After seeing a segment on CBS’ 60 Minutes on music producer, Rick Rubin, I decided to buy his book, The Creative Act: A Way of Being.

He’s an interesting guy. 

He’s more artist whisperer than producer.  He acknowledges he knows almost nothing about music, doesn’t actually play an instrument and really isn’t interested in pleasing the general public.

In fact, he believes people don’t know what they want, until it’s presented to them, so he’s not interested in churning out more of what’s already out there.

He’s interested in finding what’s different – and setting a path for it.

That’s what he did for Hip Hop, which didn’t exist before he came around.

Rubin is a guru for musicians – he doesn’t tell them what music to make, he helps them find their art in the mess of their thoughts and other noise.

And he’s a master at helping them access their creativity more freely.

One of the techniques he uses is empowerment – artists are a fragile bunch.  Their sensitivity is what makes them great.

But it’s that same sensitivity that creates self-doubt and can undermine their work.

Rubin has a lot of wisdom to share for non-artists too – he believes, and I agree, that we are all creative.

And for any creative pursuit, one must draw out something from within them.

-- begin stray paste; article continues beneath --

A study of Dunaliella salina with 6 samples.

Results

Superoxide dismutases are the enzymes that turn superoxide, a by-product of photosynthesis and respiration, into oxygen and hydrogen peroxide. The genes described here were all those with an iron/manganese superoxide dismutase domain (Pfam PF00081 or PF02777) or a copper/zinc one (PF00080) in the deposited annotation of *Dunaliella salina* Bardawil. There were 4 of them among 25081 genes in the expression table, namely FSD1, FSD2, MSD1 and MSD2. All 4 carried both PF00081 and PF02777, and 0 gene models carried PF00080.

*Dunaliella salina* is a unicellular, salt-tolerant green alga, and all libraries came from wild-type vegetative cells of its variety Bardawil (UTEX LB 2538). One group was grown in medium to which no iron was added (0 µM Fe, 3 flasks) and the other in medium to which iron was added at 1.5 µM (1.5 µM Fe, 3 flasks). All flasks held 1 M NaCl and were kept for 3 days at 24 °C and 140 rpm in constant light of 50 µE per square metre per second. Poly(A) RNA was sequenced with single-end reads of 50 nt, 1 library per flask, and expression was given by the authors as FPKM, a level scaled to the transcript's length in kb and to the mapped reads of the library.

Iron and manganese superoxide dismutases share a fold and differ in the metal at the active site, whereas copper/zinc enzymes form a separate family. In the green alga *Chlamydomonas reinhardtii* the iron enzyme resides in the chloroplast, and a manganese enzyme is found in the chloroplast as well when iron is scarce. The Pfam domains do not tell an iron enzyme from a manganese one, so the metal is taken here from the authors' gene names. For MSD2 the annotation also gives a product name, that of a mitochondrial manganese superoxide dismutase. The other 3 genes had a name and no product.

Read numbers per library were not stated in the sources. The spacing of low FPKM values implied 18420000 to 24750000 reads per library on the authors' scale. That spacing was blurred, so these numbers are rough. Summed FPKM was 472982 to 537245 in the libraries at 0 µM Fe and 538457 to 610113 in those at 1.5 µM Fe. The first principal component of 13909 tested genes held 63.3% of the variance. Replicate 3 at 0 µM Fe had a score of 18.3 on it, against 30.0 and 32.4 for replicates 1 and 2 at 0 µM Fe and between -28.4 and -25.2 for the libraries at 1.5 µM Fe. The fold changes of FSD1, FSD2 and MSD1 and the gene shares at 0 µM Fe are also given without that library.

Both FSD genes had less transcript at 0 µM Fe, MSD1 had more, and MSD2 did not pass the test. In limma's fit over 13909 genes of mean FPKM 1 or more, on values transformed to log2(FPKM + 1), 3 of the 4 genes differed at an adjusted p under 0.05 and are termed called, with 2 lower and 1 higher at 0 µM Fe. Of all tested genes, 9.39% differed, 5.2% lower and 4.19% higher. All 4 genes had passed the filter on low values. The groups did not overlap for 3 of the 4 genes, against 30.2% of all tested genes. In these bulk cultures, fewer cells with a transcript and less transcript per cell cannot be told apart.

But that internal landscape isn’t always pretty.

He has a strong message when it comes to imperfections.  First, he makes the distinction between imperfections in one’s work vs. imperfections perceived in oneself.

Doubting the quality of your work might, at times, help improve it.

Doubting yourself can lead to a sense of hopelessness.

Rubin tells an interesting parable to illustrate his point about imperfections:

“In Japanese pottery, there’s an artful form of repair called kintsugi.  When a piece of ceramic pottery breaks, rather than trying to restore it to its original condition, the artisan accentuates the fault by using gold to fill the crack.  This beautifully draws attention to where the work was broken, creating a golden vein.  Instead of the flaw diminishing the work, it becomes a focal point, an area of both physical and aesthetic strength.  The scar also tells the story of the piece, chronicling its past experience.”

Beautiful, right?

We can apply this to ourselves.

Whatever insecurities you have can be reframed to be a guiding force in your life.

They only hold you back if they block your ability to share who you really are with the world.